Nov. 21, 2000 Emory University scientists have discovered that a mistake in the way DNA is labeled and packaged could lead to the abnormal silencing of a gene that plays an important role in keeping breast cancer cells in check, thus contributing to cancer progression. Results of the research were reported in the Nov. 15 issue of Cancer Research.
Paula M. Vertino, Ph.D., and her colleagues at the Winship Cancer Institute of Emory University discovered that a gene called TMS-1, which is normally involved in apoptosis (programmed cell death), the process the body uses to help eliminate damaged or cancerous cells, is abnormally silenced by the overexpression of a particular type of enzyme that serves as a marker for DNA.
The enzymes, called methyltransferase enzymes, work as a marking crew for DNA by using a chemical reaction to transfer a methyl group onto the cytosine base regions of DNA molecules. Methylation serves as a flag for proteins that read and interpret the information contained in DNA. Genes that are marked by methylation are normally turned off, or down-regulated, and those that are unmethylated are expressed, or up-regulated.
"Methylation is a modification of DNA, and the pattern of which cytosine bases are methylated and which are not adds another level of information to the DNA sequence," Dr. Vertino explains. "While the DNA sequence determines a gene’s function, its pattern of methylation can dictate whether it is on or off."
In contrast to the DNA sequence, however, methylation is not built into the DNA and is not necessarily permanent. Methylation markers are not inherited in the same way as genetic sequences and genetic mutations, and they must constantly be replaced by methyltransferase enzymes. One variety of methyltransferase enzymes has the job of placing methylation markers on DNA during human development in the embryo; another variety of enzymes has the job of replacing the methylation markers each time a cell divides.
Dr. Vertino screened DNA to find genes that were down-regulated in response to aberrant methylation. She discovered that when a particular methyltransferase enzyme, called DNMT-1, is experimentally overexpressed, it mistakenly turns off the TMS-1 gene (target of methylation-induced silencing). She then found that the same gene was aberrantly methylated and silenced in human breast cancers. Since TMS-1 is a gene partly responsible for ridding the body of breast tumor cells through apoptosis, this silencing could lead to unrestricted tumor growth and progression of breast cancer.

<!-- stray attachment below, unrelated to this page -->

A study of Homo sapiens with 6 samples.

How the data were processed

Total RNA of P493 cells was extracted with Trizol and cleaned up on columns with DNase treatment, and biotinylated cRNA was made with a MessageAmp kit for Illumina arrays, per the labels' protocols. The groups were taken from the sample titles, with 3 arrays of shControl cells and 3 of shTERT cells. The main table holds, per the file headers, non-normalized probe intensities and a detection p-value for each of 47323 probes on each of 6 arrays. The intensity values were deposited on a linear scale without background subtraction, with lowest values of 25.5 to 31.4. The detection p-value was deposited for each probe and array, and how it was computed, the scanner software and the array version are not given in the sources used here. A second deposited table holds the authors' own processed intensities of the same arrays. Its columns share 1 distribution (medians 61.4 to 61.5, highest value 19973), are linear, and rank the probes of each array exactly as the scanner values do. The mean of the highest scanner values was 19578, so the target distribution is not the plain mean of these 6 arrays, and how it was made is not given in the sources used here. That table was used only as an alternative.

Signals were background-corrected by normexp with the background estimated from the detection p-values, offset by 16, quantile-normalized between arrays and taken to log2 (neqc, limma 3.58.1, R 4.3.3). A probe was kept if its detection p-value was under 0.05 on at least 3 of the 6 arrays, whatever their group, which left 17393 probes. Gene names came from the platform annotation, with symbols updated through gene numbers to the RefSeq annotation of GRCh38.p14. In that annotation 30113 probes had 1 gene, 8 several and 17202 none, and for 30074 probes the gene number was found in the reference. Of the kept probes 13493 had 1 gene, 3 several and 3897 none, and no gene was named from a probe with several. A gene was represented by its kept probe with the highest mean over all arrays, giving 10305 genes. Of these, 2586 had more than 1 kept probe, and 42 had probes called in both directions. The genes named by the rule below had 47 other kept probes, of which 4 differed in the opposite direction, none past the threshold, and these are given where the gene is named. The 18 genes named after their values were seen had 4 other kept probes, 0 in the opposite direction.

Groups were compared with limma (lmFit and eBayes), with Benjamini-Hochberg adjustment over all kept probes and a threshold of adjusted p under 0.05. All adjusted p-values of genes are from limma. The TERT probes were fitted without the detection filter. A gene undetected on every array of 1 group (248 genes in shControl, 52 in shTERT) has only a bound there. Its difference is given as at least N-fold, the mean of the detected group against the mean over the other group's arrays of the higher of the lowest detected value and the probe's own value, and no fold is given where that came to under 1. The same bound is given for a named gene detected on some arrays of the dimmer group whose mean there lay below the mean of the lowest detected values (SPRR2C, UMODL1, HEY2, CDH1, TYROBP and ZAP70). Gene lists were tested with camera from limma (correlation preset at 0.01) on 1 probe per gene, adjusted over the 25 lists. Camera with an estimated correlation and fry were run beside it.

Since most drugs and radiation used to treat human cancers work by inducing apoptosis, the silencing of a gene such as TMS-1 that promotes apoptosis could also lead to resistance to conventional cancer therapies.
Scientists have discovered other alterations in methylation patterns that are present in tumors, including undermethylation of places in the DNA that normally are methylated.
"We now know that abnormal increases in methylation can lead to aberrant silencing of important tumor suppressor genes," explains Dr. Vertino. "Loss of methylation groups also may contribute to tumor progression by causing chromosomes to become unstable, which can lead to genetic alterations. A major focus of our work is determining what is reponsible for this abnormal placement of methylation." In addition to DNMT-1, several other methyltransferase enzymes recently have been identified, but their exact roles and interactions with each other are not yet understood. Dr. Vertino also wants to clarify whether aberrant methylation is a cause or a consequence of tumorogenesis. She believes the answer will be a combination of the two.
"Some abnormal methylation events will cause silencing of a very important gene, or genes, and contribute directly to tumor formation," she reports. "And, some of the changes we see may be consequences of the fact that the tumor is genetically unstable. Aberrant methylation is propagated during cell division, just as a mutation in a DNA sequence would be."
Unlike a mutation, in which a gene is permanently damaged, methylation is a reversible reaction. Dr. Vertino has been able to reverse the silencing of TMS-1 using drugs that inhibit DNA methyltransferases, leading to re-expression of the gene. She hopes to accomplish the same thing in humans and thus re-establish growth control of tumor cells and sensitize resistant cells to chemotherapy or radiation.
One challenge to controlling aberrant gene silencing through drugs that inhibit methylation, will be devising a drug that is specific enough to demethylate certain genes without demethylating other parts of the genome that are supposed to be methylated. Results from the human genome project are helping Dr. Vertino study the controlling regions of regulatory genes such as TMS-1 to determine their exact methylation patterns.
Other Emory scientists also are studying methylation and its relationship to health and disease. Biochemist Xiadong Cheng, Ph.D. is working to crystallize the methyltransferase enzymes, with the goal of determining their precise functions and developing drugs that could control their interactions with DNA. He also is studying methylation that occurs in the protein products of gene expression. Pathologist Paul Wade, Ph.D., is studying the methylated DNA binding proteins that read and package the methylated DNA.